Magda Boulet has not only been successful in the ultra marathon world, recently finishing 2nd in the brutal 2017 Western States 100 Mile, but she is a former Olympian in the marathon. Magda shares her story about her natural progression throughout the distances during her running career, and how she reached the Olympic trials in 2008 ready to have the best race of her life (which she did) to finish 2nd in the trials.
Magda is very real with us about the frustration and struggles she went through at the Olympics and why going into it injured removed a lot of the joy and appreciation for her (and what she would do differently now).
We talk about her transition to ultra races and how she became so successful from the start. She gives us some very interesting (and helpful) advice about why we should be hiking up hills in longer races, even if we feel like we can run up them, and how that helped her in Western States 100 Mile 2015 where she won the race, and 2017 where she finished 2nd.
This podcast episode is for you if you love to learn how to listen to your body, and you enjoy getting inspiration from other runners about how to be your best. Magda is so experienced, and is happy to share her advice with us.
A 2008 Olympian in the marathon, and now one of the most successful ultra marathoners, who at 43 years old is continuing to impress. Won her debut 100 mile race at Western States and finished second in the brutal 2017 Western States.
What You Will Learn About
- How Magda first got into running and what made her fall in love with it
- The heartbreak of finishing 4th in the Olympic Trials in 2004, followed by taking time off to have her son before she bounced back to finish 2nd in the 2008 Olympic Trials
- The advice Jack Daniels (her coach) gave her before she raced the Olympic Trials
- Why her Olympic experience was not as good as it should have been or she hoped it would be
- Why she ran a 1 mile race and 50 mile race one after the other
- How to be successful in ultramarathons
It was an incredible race for me, a day we all dream about having as competitors, everything just lined up.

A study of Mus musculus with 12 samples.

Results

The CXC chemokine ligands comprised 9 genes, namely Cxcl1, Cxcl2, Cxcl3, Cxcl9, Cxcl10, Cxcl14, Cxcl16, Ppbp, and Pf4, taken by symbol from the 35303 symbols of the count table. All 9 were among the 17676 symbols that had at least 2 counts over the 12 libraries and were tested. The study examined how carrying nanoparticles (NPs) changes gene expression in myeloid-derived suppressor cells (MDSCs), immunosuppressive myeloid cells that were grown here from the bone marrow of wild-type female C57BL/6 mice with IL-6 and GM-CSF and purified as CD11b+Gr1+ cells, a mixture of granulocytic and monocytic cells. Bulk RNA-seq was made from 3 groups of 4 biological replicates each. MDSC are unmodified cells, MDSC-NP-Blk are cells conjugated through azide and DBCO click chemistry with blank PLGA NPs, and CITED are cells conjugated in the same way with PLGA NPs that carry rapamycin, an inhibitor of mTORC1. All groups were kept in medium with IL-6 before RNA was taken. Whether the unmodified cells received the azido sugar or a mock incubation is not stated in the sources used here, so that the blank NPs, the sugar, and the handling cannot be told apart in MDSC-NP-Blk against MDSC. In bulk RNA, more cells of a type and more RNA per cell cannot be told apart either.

Go and run the race you know you are in shape for.
I feel to this day that there was so much pressure I put on myself to perform a certain way. When you put so much time in, you want to represent your country to your best ability. Having that injury [happened a week before the race] was extremely frustrating. You feel that sense of guilt, that there are only three women representing the country, and you have a bum knee.
I know now that there are things you can control and things you can’t control.
It is unfortunate that we get hurt, and sometimes the worst time to get hurt is when you are trying to represent your country, or trying to run the most important race of your life.
Dropping out of a race is extremely difficult to deal with. It is never easy to repair that damage that has happened.
I was ready for a new challenge, ready for a different direction and motivation. Most athletes that competed around the same time as me, once they completed that, they leave the sport, once they know this is the last Olympic trials. I wasn’t ready to walk away from competing, I was just ready to walk away from road marathons.
One of my favorite workouts for marathons was always the long run. I knew deep inside that there was something about this long stuff I was going to enjoy.
In ultras there is so much more room for mistakes. The shorter the race, the more risks you can take. In a 100 mile race, once you burn it, it is difficult to repair it.
[On ultra races] In early miles, it is really important to listen to your body…some of the low moments you have where your body is not floating on Cloud 9, you aren’t feeling great, you have to respect the moments you don’t feel 100%. You have to listen to the signs and cues your body is giving you. It is so worth backing off when your body is telling you. If you have more in the tank, it will be there at the end. If you push through some of the signs early in the race, it is going to be very difficult to have a strong finish.
That is part of Western States, the beauty of the challenge, that it is always unpredictable and there are elements that can change…it’s not disrespecting it, but more believing that you can do it, that you can beat that. I have learned over the years to make sure that I listen to my body…I think I have an easier time listening to my body, and that comes with having the confidence to back off, having the confidence to let go of your pack, or telling your pacer to push me enough, but give me feedback.
Part of what attracts us to this sport is that it is so challenging, and that you have to fight all these different elements.
I look forward to racing, it is a celebration of weeks and months of workload and no matter what happens, I always try to have a good time.
- Last weeks episode with Tawnee Gibson
- Magda’s interview with iRun Far after Western States 2017
- Ian Sharman coaching
- Gu Stroopwafel
- Gu Summit Tea
- Magda’s Twitter
- Magda’s Instagram
Thanks for listening! I hope you enjoyed today’s episode.